Without a doubt the best way to spend Monday night in Montreal was in the company of Aly Spaltro, aka Lady Lamb. Playing the Divan Orange for the second time in two years, Lady Lamb’s audience keeps growing and she picks up new admirers with every passing show. Following a memorable opening performance by New York’sRathborne (their first tour as a duo), Lady Lamb took the stage to huge applause. Rathborne set the bar high for the evening with a set that attracted several new fans, but Lady Lamb succeeded in creating a night that those in attendance will remember for a long time.
Donning a cozy red Adidas sweatshirt, Spaltro was extremely casual throughout the evening. While many artists dress up in full spectacle (often to make up for the mediocrity of their music), Spaltro is able to blow everyone away in a simple sweatshirt and jeans through her strong songwriting and passionate voice. Lady Lamb got the night started with a simple “hello” before launching into “You Are The Apple” off 2013’s Ripely Pine. With the audience still in awe, she had the room nodding their heads along to the stand-out single “Billions of Eyes” that had the crowd singing along to the “da-na-na-na-na” chorus. Where Rathborne were eager to recount rambling stories from the stage, Lady Lamb let her songs reveal more about herself, keeping stage banter limited to the scattered “thank you”.
“Bird Balloons” was one of the highlight performances of the night, showcasing Lady Lamb’s pure talent with a loud-to-soft dynamic. At several times during the set it was remarkable to note Spaltro’s incredible stamina and ability to sing fast-paced lyrics in a stunning delivery without ever taking a breath. On “Violet Clementine”, Aly Spaltro traded her electric guitar for a banjo and had the audience stomping and clapping the whole way through.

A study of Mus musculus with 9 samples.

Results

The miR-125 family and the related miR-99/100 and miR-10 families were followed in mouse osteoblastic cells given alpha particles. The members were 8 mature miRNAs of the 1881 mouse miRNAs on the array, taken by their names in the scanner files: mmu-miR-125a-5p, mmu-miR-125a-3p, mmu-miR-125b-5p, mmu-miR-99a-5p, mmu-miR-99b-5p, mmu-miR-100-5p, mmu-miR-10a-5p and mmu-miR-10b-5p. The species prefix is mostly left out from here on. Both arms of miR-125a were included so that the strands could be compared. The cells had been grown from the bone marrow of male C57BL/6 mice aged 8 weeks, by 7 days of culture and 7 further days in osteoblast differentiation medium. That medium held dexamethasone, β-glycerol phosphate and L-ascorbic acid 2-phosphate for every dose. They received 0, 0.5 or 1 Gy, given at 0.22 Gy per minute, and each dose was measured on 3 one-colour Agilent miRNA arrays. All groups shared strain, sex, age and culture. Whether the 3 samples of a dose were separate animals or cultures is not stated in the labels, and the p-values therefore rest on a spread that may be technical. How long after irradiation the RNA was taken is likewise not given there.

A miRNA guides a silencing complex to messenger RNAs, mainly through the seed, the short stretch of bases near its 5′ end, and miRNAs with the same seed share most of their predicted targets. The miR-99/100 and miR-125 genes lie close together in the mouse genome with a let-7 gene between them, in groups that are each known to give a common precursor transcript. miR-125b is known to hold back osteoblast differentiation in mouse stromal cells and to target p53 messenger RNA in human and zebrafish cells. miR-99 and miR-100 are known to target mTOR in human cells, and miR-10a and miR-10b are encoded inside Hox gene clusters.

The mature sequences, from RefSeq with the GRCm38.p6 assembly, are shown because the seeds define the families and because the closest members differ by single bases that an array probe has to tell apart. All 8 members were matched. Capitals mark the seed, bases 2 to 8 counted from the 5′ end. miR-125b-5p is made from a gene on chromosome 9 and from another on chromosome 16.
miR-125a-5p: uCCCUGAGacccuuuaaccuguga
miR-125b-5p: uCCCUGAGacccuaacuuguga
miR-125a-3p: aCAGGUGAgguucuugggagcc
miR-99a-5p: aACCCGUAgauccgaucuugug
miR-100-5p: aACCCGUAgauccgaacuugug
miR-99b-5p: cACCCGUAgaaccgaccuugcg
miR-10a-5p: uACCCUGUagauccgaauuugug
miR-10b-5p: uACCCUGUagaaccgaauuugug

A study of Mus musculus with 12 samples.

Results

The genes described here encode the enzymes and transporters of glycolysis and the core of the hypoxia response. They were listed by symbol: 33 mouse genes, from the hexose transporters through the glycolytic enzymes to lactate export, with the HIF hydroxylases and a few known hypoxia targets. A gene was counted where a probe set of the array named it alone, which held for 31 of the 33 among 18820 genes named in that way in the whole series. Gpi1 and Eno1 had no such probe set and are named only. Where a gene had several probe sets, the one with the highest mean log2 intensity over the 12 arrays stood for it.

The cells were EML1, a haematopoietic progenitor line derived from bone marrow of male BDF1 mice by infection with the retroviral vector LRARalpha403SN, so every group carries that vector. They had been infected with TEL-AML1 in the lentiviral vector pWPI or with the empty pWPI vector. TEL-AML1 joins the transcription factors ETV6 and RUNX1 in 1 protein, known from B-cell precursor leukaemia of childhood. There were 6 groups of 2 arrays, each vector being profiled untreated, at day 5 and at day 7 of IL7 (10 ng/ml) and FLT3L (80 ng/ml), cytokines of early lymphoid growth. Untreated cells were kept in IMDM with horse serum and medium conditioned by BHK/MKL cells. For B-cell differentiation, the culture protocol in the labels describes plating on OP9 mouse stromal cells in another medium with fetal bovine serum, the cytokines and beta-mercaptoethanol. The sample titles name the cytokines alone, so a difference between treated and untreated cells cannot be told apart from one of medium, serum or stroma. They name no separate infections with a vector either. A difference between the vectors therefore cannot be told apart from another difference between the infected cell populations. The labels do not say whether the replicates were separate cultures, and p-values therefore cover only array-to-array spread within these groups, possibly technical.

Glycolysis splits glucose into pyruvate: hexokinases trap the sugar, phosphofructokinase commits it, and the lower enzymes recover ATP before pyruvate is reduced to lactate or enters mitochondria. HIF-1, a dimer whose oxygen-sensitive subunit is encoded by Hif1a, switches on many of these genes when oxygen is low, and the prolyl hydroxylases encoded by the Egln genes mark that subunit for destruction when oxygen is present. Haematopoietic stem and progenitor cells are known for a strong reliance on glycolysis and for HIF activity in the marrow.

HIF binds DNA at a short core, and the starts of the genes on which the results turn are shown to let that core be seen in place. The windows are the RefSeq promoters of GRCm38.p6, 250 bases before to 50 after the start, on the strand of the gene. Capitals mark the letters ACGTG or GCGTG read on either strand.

After “Craning Your Neck”, the band left Aly Spaltro solo on stage to finish the evening with “Ten”. The beautiful stripped-down track saw Spaltro reminiscing over escaped childhood, touching on long-gone sandboxes and Halloweens. While the vocals remained largely faithful to the albums, musically the band seemed liberated on stage and took more adventurous leaps in their playing than they do on record. On the spectacular After, Aly Spaltro’s lyrics were often masked by heavy instrumentation, but in the three-piece setting, the arrangements allowed her lyrics to shine. Ever personable, Spaltro was eager to meet her fans after the show and sign merchandise. The audience left the Divan Orange with smiles on their faces, as they knew they just witnessed an up-and-coming star in a small venue for one of the last times. It is plainly obvious that Lady Lamb is destined for greatness, and you’ll soon see her headline massive venues across the world.